Houston Re-Market brings new life, turning recycling into a habit-forming streetparty
It’s almost 100 degrees at the corner of Fannin and Drew (just below McGowen) and it’s not quite 10 a.m. Nevertheless, the Houston Re-Market is bustling with customers. With vendors selling everything from sculptures to handbags to used LPs, the Re-Market takes the shape of your typical local weekend market.
It’s the event’s underlying ethos, however, that’s drawn people to the market on this sweltering third Saturday in August.
Approaching its one year anniversary, the Re-Market is the first of its kind in Houston to dedicate itself solely to the repurposing of everyday materials. The brainchild of green entrepreneurs Michael Cannon and Paloma Garner, the monthly event grew out of the couple’s first project, Greeni — a recycling service aimed at residences, businesses and events not reached by the city’s municipal recycling programs.
Since 2009 Greeni Recycling has built a varied list of clients that includes Inversion Coffee, Brasserie Max & Julie, Beaver’s, SummerFest, and the Westheimer Block Party.
“Recycling is habit-forming — it just takes a simple shift in your habits,” Cannon says of the basic philosophy behind Greeni Recycling and the Re-Market. He sees these recycling efforts as a social vehicle, involving multiple layers of a given community through volunteer efforts and outreach programs.
The idea for the Re-Market gestated for several months until Greeni’s work early last year led to a close working relationship with Adam Brackman, a co-founder of both the eco-friendly home store New Living in Rice Village and Urban Deal, a real estate brokerage firm that focuses on socially-responsible development. A strong proponent of creating businesses that are both green and economically viable, Brackman instantly took to the Re-Market concept and offered his help.
“Mike and Paloma are some of the most passionate people I have met,” Brackman writes in an email. “When we first started working together, they had a vision for a re-market in Houston, but did not have a home for it.”
The Re-Market is the first of its kind in Houston to dedicate itself solely to the repurposing of everyday materials.
At the time, Urban Deal’s vacant former MHMRA building in Midtown had become a pet project for Brackman. Sitting on an entire city block in the middle of a high-traffic area, the pink stucco building begged for new life. He had recently commissioned Houston artist Daniel Anguilu (known as Weah in the local art and graffiti scenes) to wrap the street-level wall space with his signature angular designs, using non-toxic paint provided by New Living.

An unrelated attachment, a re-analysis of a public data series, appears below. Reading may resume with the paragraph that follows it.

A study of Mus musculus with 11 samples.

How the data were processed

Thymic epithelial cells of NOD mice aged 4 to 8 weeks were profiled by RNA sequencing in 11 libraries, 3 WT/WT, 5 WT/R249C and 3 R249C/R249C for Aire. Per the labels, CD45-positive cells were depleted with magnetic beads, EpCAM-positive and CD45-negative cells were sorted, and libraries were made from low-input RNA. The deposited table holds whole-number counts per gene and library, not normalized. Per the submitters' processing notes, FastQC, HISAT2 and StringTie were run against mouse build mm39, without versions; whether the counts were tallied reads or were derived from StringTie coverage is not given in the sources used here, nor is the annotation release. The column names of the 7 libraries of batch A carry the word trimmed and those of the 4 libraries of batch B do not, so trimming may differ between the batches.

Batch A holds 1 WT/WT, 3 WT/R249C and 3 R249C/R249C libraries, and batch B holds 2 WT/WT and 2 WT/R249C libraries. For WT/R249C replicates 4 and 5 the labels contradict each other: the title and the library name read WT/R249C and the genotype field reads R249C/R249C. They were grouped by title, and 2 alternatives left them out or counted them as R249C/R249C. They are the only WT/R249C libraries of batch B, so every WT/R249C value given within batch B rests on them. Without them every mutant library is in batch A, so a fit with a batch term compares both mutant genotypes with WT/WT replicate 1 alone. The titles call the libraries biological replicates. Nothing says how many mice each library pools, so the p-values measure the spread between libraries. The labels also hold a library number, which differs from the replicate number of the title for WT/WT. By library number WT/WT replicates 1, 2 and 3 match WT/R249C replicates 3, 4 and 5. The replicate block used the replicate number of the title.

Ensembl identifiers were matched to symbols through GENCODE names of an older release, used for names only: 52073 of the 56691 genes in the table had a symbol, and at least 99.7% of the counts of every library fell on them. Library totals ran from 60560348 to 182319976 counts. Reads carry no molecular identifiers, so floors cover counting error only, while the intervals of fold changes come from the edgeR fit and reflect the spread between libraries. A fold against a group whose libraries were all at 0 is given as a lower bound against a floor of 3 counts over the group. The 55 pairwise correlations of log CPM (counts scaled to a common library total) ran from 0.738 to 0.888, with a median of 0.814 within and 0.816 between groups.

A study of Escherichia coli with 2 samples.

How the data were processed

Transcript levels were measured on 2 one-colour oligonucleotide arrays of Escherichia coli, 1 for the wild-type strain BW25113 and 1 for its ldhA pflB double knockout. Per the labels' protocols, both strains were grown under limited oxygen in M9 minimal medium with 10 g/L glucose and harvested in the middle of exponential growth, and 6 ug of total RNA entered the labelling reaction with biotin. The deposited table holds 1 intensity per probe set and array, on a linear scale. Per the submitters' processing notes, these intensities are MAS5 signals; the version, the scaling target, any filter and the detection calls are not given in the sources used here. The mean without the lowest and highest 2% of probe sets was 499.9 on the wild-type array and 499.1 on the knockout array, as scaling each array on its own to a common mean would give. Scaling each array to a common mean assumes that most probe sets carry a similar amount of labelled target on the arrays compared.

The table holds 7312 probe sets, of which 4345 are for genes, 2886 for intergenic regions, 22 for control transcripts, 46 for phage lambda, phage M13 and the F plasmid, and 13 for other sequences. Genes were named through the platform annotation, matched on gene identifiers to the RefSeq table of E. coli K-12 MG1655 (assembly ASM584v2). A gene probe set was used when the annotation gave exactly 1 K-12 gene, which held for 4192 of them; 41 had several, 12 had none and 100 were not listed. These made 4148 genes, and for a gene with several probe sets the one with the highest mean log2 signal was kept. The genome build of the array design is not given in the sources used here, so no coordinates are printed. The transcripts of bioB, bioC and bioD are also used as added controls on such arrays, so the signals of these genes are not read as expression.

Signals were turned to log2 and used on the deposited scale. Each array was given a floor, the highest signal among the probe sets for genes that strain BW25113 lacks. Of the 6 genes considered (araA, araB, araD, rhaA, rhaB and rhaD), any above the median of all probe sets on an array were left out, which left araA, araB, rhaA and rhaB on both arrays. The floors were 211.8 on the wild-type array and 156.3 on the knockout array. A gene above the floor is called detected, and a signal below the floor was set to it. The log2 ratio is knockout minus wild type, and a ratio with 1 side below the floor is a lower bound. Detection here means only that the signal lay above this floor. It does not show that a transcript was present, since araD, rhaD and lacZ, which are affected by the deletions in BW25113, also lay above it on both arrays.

As Weah’s bold work progressed, the property gained a certain amount of notoriety throughout the neighborhood, establishing the building as a cultural icon and earning the artist a string of commissions, including a large-scale mural on the side of the nearby Lawndale Art Center. Cannon and Garner jumped at the opportunity to use the MHMRA lot to launch their inaugural Re-Market last October.
“There’s life at the Re-Market,” Garner notes as she takes a seat behind the “oops-paint” stand, a small outfit selling non-toxic paint from The Green Painter, New Living’s dedicated paint store that opened this past spring.
Hip-hop artist Alex Nikkhoo spins funk records from the back of Greeni’s heavily spray-painted biodiesel delivery truck. A woman running a small garage sale explains in detail the benefits of Tibetan meditation to a customer. A late-arriving vendor draws a crowd as he sets up a stand offering a stack of posters that includes both Michael Jackson and the cast of Jersey Shore. The ever-changing “free swap” area maintains a steady stream of donors and takers.
“Ultimately, relationships are more important than monetary gain,” Cannon tells me, speaking loudly over the generator the Boulevard Grill food truck powered up to serve a line of customers. “The Re-Market is about cohesion with like-minded individuals. People are clearly interested in preserving the planet, but they just don’t always know how to get involved.”
The Houston Re-Market is open the third Saturday of every month at 2850 Fannin.